Monday, August 27, 2012

A Heckuva Way To Lose Your Firearm Rights

As most people know, being convicted of a felony - violent or non-violent - will cause a person to lose their constitutional rights to keep and bear arms. Moreover, restoration of these rights is damn near impossible nowadays thanks to people like Sen. Chuck Schumer (D-NY) who continually blocks funding for relief from disability reviews at BATFE. Thus, you just shake your head when you read about seven people charged with a third-degree felony for cheating in a fishing tournament.

From the Lone Star Outdoor News:
Some unladylike behavior in the Ladies Kingfish Tournament held in South Padre Island has left seven people facing felony accusations for cheating during the competition.

Willacy County Game Warden Oscar Castaneda was checking boats at the ramp with fellow warden Jason Duke when the suspicions first began.

“We’d had conversations with people in the area that they had possibly been cheating in different tournaments, and we both recognized the boat,” he said. “(Game Warden Jason Duke) went over for a water safety inspection, and they started unloading fish they were going to take to the weigh-in.”

The wardens noticed that some of the fish, including the trout, had red bellies, which Castaneda said raised a red flag that the fish had been kept in a basket instead of being recently caught. The wardens called ahead to the tournament directors to advise that the fish be studied carefully for legitimacy.

“About 45 minutes later we’re still checking boats, and we get a call from another game warden that said the team showed up with a flounder,” he said. “We said, ‘man, there’s no way they caught a flounder between here and there’ — she had as much as told me there wasn’t a flounder anywhere in the boat.”

An individual then came forward and told wardens that he had seen a flounder handed off in Arroyo City to Jose Cavazos, father of fishing guide Jose “Meme” Cavazos, whose boat was being used by the women for the tournament.

“For the Calcutta, you’re required to have that flounder,” Castaneda said. “The Calcutta pays out a ton, and with that fish they were tied for first and ended up second.”

The women won over $5,000 for second place.

“It’s just wrong on so many levels,” he said. “It’s the first saltwater fraud charges ever filed in the state.”

The decision to cheat has brought the defendants third-degree felony charges.

“The charge is fraud in a fishing tournament, section 66.023 of the Parks and Wildlife penal code,” said Cameron County Justice of the Peace Bennie Ochoa III.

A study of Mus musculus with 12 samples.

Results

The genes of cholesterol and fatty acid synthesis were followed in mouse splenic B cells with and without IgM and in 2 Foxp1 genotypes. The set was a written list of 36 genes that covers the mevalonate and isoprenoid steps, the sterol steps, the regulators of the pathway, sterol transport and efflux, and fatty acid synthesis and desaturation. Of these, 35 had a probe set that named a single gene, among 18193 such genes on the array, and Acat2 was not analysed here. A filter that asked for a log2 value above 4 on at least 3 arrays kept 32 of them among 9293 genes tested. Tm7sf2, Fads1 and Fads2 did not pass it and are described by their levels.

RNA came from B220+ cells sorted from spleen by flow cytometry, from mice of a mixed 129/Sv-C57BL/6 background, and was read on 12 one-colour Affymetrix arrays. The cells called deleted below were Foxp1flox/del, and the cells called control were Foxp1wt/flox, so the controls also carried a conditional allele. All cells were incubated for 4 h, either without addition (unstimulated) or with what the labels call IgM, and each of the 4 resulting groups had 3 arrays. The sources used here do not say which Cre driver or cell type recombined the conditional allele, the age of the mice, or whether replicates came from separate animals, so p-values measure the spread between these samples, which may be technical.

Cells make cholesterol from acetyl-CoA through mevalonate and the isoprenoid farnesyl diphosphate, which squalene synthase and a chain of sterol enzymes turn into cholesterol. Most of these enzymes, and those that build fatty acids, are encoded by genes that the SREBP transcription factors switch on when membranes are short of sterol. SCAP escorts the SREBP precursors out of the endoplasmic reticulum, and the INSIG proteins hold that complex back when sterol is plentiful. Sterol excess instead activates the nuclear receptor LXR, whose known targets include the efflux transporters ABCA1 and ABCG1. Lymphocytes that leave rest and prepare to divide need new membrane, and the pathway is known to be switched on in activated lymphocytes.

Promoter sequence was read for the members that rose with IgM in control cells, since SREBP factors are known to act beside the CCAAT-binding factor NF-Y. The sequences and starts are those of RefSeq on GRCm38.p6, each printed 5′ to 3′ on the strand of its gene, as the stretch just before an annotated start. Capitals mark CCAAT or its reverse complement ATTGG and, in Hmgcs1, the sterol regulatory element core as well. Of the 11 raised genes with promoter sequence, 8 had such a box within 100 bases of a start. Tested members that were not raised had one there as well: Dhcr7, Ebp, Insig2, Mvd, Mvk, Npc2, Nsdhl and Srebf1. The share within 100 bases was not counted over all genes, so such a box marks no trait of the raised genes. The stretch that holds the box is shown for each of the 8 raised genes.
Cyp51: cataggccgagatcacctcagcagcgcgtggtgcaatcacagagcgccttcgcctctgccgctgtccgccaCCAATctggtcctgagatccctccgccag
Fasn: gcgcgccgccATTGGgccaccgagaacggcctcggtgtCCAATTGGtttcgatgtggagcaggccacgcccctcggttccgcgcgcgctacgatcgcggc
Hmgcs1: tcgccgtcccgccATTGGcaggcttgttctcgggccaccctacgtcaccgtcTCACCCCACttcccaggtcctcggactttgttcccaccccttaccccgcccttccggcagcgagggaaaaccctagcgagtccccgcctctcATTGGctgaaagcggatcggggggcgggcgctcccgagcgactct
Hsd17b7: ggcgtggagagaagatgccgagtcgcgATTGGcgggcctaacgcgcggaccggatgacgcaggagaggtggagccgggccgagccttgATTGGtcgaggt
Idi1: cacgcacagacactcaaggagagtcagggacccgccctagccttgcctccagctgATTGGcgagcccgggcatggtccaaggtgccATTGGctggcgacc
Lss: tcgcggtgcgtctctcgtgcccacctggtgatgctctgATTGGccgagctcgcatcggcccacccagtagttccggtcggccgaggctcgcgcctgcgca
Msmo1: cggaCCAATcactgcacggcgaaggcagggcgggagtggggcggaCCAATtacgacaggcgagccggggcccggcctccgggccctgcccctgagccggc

1. I once had a guy looking to get his carry permit that was a convicted felon due to paying a few of his employees cash, straight time, in lieu of on the books, and time and a half. A felon is a felon. Gun owners & gun owner wanna be need to keep their noses real clean.

    1. Tax fraud is still fraud, and if you don't expect the government to come down very hard on it....

  2. While this sounds a bit silly, if you strip it down to essentials, fraud to the tune of mid-4 figures is something we've traditionally considered to be felonious behavior.

    Maybe we should inflation adjust, but in 1990 dollars it's still $2,850, 1980 it's $1,800, you have to go back to 1970 when it's only $845 before it sounds like it maybe be in the range of a misdemeanor. You have to go back before 1948 before it's below $500.

    That covers proportionally; otherwise it certainly passes my duck test for a crime, e.g. there's mens rea, Latin for "guilty mind", essentially meaning the offenders knew they were doing something wrong.

  3. Just to be clear - I'm not upset with them being charged with a felony for fraud. I just find cheating in a fishing tournament where the prize is only $5,000 to be absurd.

    I'm just not competitive about my fishing except with myself. I've caught some nice fish over the years but catching a 6 inch brook trout can be just as fun as a 41 inch Northern pike (on a flyrod). I've done both and both were fun.

  4. I'm upset with there being a special fraud crime for fishing tournaments. Isn't the regular fraud statute good enough?

  5. It's possible that the way the fraud statute was originally written, cheating in a fishing tournament wasn;t actually covered. Frequently, tehse "one-off" laws are legislated as badly matched caulk to cover what some legislator is loudly decrying as a "loophole". Sometimes, they are even correct. . .

  6. The pernicious rapacity that some people call "Government" does not now,nor has ever had the lawful power to disenfranchise anyone because no such power has ever been Constitutionally delegated.Schumer and his ilk are in direct violation of 18 USC 241 & 242 as well as their Constitutional oath of office by doing so and belong in a federal prison.